Joan Schmelz, the chair of the AAS Committee on the Status of Women in Astronomy, is here at the CfA to talk about Unconscious Bias, Stereotype Threat & Impostor Syndrome. I'll be liveblogging the event.

The Pratt Conference Room room is standing-room only! The audience is predominantly female in composition, but the Astro dept chair Avi Loeb and the CfA director Charles Alcock are in attendance. Awes! Lot's of students, too, including the REU summer interns, and many grad students.

Unconscious bias: men and women both unconsciously devalue the contributions of women. We're in this together! No finger-pointing in this room.

Stereotype Thread: The anxiety that [minorities] face in a situation where they have the potential to confirm a negative stereotype about their group. This anxiety alone can result in documented cases of lower scores on standardized...tests.

Side note: Sociologists consider 30% to be the critical mass for a minority group to make inroads. We have been at 30% women at the postdoc level for over a decade, and the percentage is increasing at the asst. prof level.

Impostor Syndrome: The inability to believe in one's own competence which causes the individual to live in fear of being "found out."

More info in AAUW Why So Few?

Advice: Give two-fer talks, with one science talk and one diversity talk per visit per institution. Men, too! Use unconscious bias to your advantage: the audience will be more receptive to this message coming from men. AAUW has excellent collection of slides and prepared text just for this purpose. Guess what I'll be doing in the near future.

Also, watch out for Joan's series of posts to appear on the CSWA blog.

Unconscious Bias

We all want a meritocracy. So we should be aware of and address bias.

- Steinpreis, Anders & Ritzke conducted an experiment. The convened mock hiring committees comprising men and women. They are given two applications, one from Karen and Brian. Committees preferred Brian to Karen 2:1. But the CVs were identical! (note that no committee saw both Karen and Brian. The got one or the other, with the name being the only difference). Also, when evaluating for a more senior (tenured) position, Brian got the nod 4x as often!

- Similar experiment by Moss-Racusin et al. (2012) for John and Jennifer, evaluated for a lab manager position. On a score scale of 1-7, John scored 4.0 and Jennifer got an average of 3.3. John also got a much higher starting salary (~15% higher). Only difference was gender. This test was done across academic discipline of the hiring committee. Biology, Physics, Chem, etc.

Whoa! Where does this bias come from? Answer: A legacy of patriarchy.

Question from audience: How did they control for differences among committees?
Joan: Sociologists know statistics better than astronomers :) Be sure to read the articles for details of the methodology and data. I'm only presenting the highlights here.

Question from audience: What about anonymous applicants? Can that help the situation?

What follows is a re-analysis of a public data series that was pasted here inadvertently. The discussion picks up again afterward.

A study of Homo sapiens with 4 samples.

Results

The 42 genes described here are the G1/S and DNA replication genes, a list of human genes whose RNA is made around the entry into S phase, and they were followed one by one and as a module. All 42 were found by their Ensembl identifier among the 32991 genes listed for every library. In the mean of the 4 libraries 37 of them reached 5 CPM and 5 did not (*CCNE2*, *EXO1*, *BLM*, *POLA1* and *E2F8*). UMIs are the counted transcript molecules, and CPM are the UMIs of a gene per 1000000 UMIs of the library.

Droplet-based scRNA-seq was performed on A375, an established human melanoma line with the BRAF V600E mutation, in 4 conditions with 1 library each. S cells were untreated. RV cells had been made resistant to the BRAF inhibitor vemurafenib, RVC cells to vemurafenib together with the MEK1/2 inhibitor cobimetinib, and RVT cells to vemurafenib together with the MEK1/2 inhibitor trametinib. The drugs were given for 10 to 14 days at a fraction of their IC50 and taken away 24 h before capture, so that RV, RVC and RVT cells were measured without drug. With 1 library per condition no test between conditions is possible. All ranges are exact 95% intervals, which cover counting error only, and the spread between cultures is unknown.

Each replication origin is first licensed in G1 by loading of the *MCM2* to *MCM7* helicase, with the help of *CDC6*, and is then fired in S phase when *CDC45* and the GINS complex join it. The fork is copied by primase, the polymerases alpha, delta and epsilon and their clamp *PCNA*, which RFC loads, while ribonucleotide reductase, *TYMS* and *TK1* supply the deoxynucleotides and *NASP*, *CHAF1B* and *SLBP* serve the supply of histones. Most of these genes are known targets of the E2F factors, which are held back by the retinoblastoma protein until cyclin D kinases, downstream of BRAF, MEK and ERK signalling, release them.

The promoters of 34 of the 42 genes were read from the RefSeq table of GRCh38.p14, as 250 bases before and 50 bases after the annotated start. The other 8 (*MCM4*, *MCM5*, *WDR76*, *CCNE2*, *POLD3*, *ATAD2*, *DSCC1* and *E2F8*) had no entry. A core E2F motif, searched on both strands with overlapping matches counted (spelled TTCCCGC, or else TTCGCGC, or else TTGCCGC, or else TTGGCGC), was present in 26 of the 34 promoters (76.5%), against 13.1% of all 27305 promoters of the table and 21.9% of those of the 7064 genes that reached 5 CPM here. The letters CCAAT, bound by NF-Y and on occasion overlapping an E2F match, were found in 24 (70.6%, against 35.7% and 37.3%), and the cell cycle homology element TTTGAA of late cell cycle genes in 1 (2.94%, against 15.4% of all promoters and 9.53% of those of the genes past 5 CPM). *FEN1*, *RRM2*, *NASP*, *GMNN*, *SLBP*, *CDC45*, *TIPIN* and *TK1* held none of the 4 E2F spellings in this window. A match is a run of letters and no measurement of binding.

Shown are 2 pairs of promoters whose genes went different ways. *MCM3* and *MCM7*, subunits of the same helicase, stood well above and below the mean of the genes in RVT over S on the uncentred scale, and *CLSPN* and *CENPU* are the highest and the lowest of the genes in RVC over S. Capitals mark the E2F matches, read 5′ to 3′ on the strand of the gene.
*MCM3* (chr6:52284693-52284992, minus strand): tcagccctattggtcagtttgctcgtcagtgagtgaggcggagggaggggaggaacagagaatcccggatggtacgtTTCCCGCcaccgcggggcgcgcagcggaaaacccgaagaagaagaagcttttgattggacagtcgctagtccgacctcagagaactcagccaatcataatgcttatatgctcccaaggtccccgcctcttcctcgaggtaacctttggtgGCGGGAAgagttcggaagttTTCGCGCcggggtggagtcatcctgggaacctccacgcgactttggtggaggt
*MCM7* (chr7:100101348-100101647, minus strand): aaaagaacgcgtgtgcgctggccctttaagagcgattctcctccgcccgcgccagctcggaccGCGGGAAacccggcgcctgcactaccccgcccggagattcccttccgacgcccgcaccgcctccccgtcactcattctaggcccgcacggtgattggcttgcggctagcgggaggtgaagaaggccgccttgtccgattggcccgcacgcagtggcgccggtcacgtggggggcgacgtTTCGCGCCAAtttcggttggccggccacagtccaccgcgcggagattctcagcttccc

Joan: Difficult in a small community like astronomy, where we can guess the identity based on the contents of the proposal. Tough problem!
Comment from audience: For papers, referees want to know the identity to judge based on his/her record. (Discussion breaking out in audience on gender-neutral language).
Avi Loeb: Perhaps the best way to address this bias to make it explicit.
Joan: Exactly! This is why the current discussion is so heartening!

Joan: Relates a personal story of discovering her own unconscious bias in the process of reviewing proposals one year. Eye-opening process! Upon first review, the only two women in the dozens of proposals were ranked lowest. Upon reevaluation, the men's scores stayed put, but the women's scores moved to the midpack (not the best, but not the worst). The chair of the CSWA suffered from unconscious bias!

[discussion continues in the room! We haven't moved past slide ~10!]

If you think you are excepted, check out the Implicit Association Test! (readers: take the test today!)

Men and women both undervalue the contribution of women. Whites and non-whites undervalue the contribution of non-whites (Americans that is).

Stereotype Threat

Students selected based on excellent math SAT test.

Group 1: Test given under normal GRE conditions
Group 2: Group is explicitly told that test is "unbiased" and "gender neutral"

No difference in the exams!

Group 1: men and women got same average score
Group 2: women did much better than men!

On the SAT, the women got scores equal to the men, but with stereotype threat. On the GRE "test" there was no stereotype threat, so they performed at their true level, which was higher on average than the men in the experiment!

Again, the only difference was the statement that the test was "gender neutral" (see Why So Few report for more info)

Impostor Syndrome

STATUS Magazine (2011), see my post here.

Whoa! Joan is now citing my blog post on Impostor Syndrome!

Running short on time, so moving forward quickly:

See the CSWA Resource Page for more info on:
  • Two-body problem 
  • Work-life balance
  • Sexual harassment
  • Unconscious bias
Closes with an image of the cross-section of an onion. The middle is the science we're all after. The outermost layers are "Overt Discrimination," "Sexual Harassment." The latter changed with Anita Hill's bravery. Next layers are the topics of this talk: Unconscious bias, stereotype threat, impostor syndrome. We're dealing with these now. Next layers after that is work-life balance, two-body problem (solution!).

We hope that as we peel back the current layers that there won't be any more in the way of our pursuit of science as a meritocracy.